West Oakland's Aggregate Space Gallery Receives Prestigious Warhol Grant


The West Oakland nonprofit gallery Aggregate Space announced Tuesday the receipt of a $90,000 grant from the Andy Warhol Foundation for the Visual Arts. It is one of five Bay Area arts organizations to receive funds from the New York-based nonprofit in this round of grantmaking—but also the newest, and by far the smallest, with a staff of one.

Other recipients include the Chinese Culture Foundation of San Francisco, the Museum of the African Diaspora, the San Francisco Museum of Modern Art and the Institute of the Arts and Sciences at UC Santa Cruz.

Aggregate Space Gallery (ASG), located on an industrial stretch of West Grand and founded in 2011, shows the work of emerging and mid-career artists, focusing on large-scale installation, video and performance—genres often unsupported in the commercial gallery world. The nonprofit is also rare in that they provide on-site fabrication and installation assistance to help artists realize “unimaginable” projects and museum-quality exhibitions.

“From the beginning, we have relied solely on volunteer labor to develop our community and build the space,” says Conrad Meyers, ASG’s co-founder and executive director. “This funding helps us on our journey of growth from an artist-run space to a reliable long-term resource for emerging artists.”

Meyers is technically ASG's sole full-time employee, though he says he and Willis Meyers (co-founder and board president) both dedicate about 30 hours a week to the nonprofit. In addition to volunteer labor, ASG runs its programming with the help of part-time contract workers and grant-funded positions. The Warhol Foundation grant, which cannot be used for general operating costs, will fund 16 exhibitions, 40 artists and 64 public events over the next two years. The funds will also allow ASG to pay artists substantial stipends (upwards of $2,000 for a solo project, Meyers says) for the first time in the gallery’s seven-year history.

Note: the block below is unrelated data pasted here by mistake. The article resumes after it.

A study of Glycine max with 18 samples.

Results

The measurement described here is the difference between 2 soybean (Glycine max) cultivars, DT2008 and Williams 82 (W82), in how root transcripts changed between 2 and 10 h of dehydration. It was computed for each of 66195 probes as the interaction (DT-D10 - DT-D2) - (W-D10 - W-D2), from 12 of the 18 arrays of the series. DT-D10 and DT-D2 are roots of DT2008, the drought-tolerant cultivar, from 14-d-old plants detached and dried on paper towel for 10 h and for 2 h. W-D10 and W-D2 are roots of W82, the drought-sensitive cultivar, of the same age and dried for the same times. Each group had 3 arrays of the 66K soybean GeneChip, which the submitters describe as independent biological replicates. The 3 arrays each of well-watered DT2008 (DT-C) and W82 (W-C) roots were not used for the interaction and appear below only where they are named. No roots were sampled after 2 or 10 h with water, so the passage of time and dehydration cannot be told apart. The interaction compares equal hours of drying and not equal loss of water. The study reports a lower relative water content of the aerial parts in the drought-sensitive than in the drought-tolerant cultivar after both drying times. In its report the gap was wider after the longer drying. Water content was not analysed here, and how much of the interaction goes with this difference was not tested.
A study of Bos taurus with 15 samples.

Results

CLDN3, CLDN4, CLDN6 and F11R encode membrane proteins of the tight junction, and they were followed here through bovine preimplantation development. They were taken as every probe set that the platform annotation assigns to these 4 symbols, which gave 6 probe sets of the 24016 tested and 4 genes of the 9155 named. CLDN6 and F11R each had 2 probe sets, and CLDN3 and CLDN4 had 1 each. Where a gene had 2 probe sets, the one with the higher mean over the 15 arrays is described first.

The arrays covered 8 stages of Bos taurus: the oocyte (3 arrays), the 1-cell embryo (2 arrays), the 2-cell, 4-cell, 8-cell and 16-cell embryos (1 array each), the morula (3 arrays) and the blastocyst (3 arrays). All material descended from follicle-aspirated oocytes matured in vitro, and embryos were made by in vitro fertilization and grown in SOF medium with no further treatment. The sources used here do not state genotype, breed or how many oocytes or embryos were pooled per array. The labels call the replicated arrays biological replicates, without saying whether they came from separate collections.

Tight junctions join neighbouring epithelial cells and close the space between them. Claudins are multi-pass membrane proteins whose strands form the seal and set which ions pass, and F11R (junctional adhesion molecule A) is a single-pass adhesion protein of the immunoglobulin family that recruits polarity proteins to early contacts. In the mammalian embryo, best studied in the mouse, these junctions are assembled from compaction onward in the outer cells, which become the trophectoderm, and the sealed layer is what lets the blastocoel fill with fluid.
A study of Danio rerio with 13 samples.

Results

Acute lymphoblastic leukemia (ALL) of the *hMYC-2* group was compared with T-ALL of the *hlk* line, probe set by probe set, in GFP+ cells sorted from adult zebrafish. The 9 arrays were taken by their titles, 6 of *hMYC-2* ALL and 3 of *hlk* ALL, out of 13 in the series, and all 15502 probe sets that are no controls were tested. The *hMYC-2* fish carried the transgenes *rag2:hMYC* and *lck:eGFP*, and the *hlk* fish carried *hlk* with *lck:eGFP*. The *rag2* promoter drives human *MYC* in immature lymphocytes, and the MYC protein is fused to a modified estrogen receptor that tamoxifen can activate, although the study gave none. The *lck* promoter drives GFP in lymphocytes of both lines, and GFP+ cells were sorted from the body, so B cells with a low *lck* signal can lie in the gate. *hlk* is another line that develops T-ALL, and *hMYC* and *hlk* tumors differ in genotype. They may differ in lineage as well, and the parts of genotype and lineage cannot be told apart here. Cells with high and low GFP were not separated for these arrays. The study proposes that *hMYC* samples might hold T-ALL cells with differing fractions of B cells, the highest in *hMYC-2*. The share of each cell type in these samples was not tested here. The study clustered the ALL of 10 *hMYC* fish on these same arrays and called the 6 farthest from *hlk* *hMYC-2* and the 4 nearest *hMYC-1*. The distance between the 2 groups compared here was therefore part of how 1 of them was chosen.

"That's still less than what people put into a show at Aggregate Space," he says, "but I'm looking forward to using it as a bargaining chip to work with people who have said no in the past. It's tough to do things for free in the Bay Area."

In the Spring 2018 grant round, the Warhol Foundation awarded 42 recipients from an applicant pool of 224 nonprofit arts organizations, giving out a total of $3.6 million to organizations across the country. Individual grants range from $35,000 to $120,000. ASG and the Chinese Culture Foundation’s grants will go towards visual arts programming over the next two years, while MoAD, SFMOMA and UCSF received funding for specific exhibitions, all scheduled for 2019.

For ASG, this kind of national recognition is vindicating. "It feels like a lot of hard work paid off," Meyers says. "It feels like it's actually possible to do what a lot of people told us was impossible to do. Which was start a nonprofit with nothing and build toward something."